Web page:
Holy Thursday reflection
Something amazing happened in the life of the beloved disciple. Tradition holds that John, the author of the fourth gospel, was the youngest of the 12 apostles. He is the only apostle who died in old age. The others were all martyred. The gospel that carries his name is an extraordinary achievement, and is clearly the result of many, many years of careful prayer and reflection upon the writings of the Hebrew scriptures in the light of all that happened in the life of Jesus, and then the life of the early church.
The same community wrote a letter – we call it First John – that begins with a beautiful reflection:
We declare to you what was from the beginning,
what we have heard, what we have seen with our eyes,
what we have looked at and touched with our hands,
concerning the word of life—
2 this life was revealed, and we have seen it and testify to it,
and declare to you the eternal life (life unto the age/olam)
that was with the Father and was revealed to us—
3 we declare to you what we have seen and heard
so that you also may have fellowship with us;
and truly our fellowship is with the Father
and with his Son Jesus Christ.
4 We are writing these things1 John 1:1-4
so that our joy may be complete.
John tells us of his own experiences – like leaning so closely to Jesus that he rested his head on the heart of Jesus; or being the only male disciple to stay with Jesus through the passion and death, and he is the first male disciple to believe and then to recognise Jesus. (Mary Magdalen as another wonderful disciple who loved Jesus deeply beats him to belief.)
John doesn’t give us his name in the Gospel or letters that he wrote – instead, he calls himself the beloved disciple. He knows that Jesus sees us in the same way – he calls us all to become his beloved disciples. He wants us also to be so close to him, to lean our heads on his heart and be there with him when he celebrates this Passover meal.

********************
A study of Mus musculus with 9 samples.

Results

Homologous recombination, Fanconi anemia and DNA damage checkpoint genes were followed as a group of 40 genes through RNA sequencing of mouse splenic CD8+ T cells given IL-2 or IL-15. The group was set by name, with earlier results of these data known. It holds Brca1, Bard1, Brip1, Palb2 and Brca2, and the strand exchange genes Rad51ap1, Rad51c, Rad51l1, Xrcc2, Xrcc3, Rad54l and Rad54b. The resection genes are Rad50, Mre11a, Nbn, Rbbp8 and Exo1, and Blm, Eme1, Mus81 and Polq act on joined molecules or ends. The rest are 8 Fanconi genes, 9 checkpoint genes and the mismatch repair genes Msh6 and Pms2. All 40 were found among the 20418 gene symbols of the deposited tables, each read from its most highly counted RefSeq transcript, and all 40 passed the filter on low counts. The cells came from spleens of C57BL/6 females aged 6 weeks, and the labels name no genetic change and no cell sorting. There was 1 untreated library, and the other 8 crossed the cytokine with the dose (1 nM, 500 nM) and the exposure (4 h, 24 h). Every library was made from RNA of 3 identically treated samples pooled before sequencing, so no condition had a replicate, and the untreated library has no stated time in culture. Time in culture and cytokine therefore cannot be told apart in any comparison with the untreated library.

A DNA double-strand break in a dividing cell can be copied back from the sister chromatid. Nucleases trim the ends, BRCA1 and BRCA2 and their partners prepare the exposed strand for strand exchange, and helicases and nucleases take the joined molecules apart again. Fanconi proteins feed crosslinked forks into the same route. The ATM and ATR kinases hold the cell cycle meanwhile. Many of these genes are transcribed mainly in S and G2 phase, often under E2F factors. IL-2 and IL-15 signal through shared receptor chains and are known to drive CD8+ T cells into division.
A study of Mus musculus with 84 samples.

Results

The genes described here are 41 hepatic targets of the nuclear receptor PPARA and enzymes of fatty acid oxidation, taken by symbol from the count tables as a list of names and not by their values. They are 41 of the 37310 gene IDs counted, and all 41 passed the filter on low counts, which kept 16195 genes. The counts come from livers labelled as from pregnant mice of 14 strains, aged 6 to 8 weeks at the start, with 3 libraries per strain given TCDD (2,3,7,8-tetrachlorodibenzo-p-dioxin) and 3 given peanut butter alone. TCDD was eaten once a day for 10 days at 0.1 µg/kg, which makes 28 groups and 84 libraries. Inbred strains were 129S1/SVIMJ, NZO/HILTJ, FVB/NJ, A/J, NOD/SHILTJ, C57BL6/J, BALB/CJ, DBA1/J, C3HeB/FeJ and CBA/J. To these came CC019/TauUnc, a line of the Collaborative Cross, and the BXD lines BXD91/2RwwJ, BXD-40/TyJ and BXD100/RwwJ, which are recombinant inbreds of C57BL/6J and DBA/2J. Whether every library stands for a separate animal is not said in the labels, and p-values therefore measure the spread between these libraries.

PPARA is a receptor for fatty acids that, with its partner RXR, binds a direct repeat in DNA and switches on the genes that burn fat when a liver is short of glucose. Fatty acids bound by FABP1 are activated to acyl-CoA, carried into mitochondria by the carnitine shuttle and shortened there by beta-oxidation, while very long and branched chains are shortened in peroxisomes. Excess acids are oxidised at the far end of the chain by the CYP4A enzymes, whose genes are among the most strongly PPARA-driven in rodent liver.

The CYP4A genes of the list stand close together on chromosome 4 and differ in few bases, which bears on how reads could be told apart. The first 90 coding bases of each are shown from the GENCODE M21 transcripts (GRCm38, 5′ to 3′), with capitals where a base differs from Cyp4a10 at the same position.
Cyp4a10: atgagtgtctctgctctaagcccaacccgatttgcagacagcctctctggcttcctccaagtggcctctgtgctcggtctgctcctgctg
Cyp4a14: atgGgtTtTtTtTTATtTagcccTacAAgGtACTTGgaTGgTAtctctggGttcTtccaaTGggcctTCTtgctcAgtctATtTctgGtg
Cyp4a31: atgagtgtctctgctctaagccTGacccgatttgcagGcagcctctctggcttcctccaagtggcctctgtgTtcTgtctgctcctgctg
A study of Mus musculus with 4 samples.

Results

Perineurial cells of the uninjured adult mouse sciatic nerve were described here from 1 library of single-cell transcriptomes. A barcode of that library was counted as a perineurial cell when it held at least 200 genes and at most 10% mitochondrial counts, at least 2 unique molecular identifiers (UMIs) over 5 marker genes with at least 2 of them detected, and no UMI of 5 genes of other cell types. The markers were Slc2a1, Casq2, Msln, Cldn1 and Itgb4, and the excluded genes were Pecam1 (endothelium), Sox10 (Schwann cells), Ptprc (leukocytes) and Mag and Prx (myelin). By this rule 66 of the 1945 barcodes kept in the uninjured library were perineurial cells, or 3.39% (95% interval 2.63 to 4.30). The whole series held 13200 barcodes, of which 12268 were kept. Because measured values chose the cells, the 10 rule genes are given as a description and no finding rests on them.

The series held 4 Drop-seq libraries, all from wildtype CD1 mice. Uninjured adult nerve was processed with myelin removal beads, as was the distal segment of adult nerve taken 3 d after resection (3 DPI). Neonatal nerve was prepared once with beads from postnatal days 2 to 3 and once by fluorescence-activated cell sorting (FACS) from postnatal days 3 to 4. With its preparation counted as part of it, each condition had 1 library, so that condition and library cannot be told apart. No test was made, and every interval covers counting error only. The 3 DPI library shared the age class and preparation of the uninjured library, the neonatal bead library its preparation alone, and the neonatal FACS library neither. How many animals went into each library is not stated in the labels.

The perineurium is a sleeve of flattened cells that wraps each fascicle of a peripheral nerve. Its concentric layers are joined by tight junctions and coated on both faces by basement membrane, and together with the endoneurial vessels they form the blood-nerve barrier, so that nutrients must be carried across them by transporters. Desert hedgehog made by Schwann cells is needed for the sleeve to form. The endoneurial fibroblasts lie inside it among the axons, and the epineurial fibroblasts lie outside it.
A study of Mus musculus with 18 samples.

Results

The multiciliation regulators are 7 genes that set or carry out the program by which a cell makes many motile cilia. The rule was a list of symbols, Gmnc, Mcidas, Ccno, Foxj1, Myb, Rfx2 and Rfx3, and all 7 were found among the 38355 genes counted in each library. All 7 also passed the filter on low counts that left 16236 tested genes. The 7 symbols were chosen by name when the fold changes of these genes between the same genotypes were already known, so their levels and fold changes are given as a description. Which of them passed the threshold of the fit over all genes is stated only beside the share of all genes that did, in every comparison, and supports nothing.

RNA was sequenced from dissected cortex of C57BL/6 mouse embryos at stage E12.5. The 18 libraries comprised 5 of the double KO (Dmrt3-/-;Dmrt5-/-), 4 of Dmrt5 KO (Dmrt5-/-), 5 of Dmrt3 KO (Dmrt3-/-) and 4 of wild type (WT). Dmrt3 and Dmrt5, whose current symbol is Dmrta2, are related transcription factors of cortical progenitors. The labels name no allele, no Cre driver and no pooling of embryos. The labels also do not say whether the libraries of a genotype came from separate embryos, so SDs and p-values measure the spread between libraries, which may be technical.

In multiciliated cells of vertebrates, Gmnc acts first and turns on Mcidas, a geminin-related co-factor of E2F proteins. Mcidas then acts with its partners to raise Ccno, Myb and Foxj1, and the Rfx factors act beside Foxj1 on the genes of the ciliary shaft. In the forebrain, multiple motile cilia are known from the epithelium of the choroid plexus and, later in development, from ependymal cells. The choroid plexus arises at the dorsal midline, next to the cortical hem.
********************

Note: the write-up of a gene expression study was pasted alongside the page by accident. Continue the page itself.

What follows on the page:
From the very beginning, God wanted to share this amazing intimacy with us. He wanted to walk with us in the cool of the evening breeze. He wanted to be in a relationship of friendship with us. God did all the work in creating and defining the covenant commitment.
Even though time and again, the people of Israel broke the covenants and turned away to worship other gods, our God remained faithful and true to the covenant. He continued to know their troubles, to see the suffering of the people, to hear their cries and he longed to set them free.
First through Moses, God sets the people free from their slavery in Egypt.
As a nation, Egypt embodies all that has gone wrong with humanity
– idolatry, injustice and constantly giving into evil.
So on the night of the Passover, God invites Moses to lead his people out from slavery and back into relationship with God. We are invited to remember the covenant relationship, where “I will be your God, and you will be my people.” God longs to live among his people in a personal way.
We are invited to be faithful to the commandments of God, so that we can be the priestly representatives to all the nations.
We have waited this Lent to receive the communion that we will receive tonight. Like all beloved disciples across the history of the people of God, we are weak and unworthy. Even so, he wants to wash our feet and care for our needs. Even so, he invites us into deeper intimacy with him.
Even so, he invites us to wash the feet of others in service and love.
Even so, he wants us to know the joy of self-giving love.
There are no limits tonight. Let him call us by name to grow deeper in intimacy and love: to be his beloved disciples.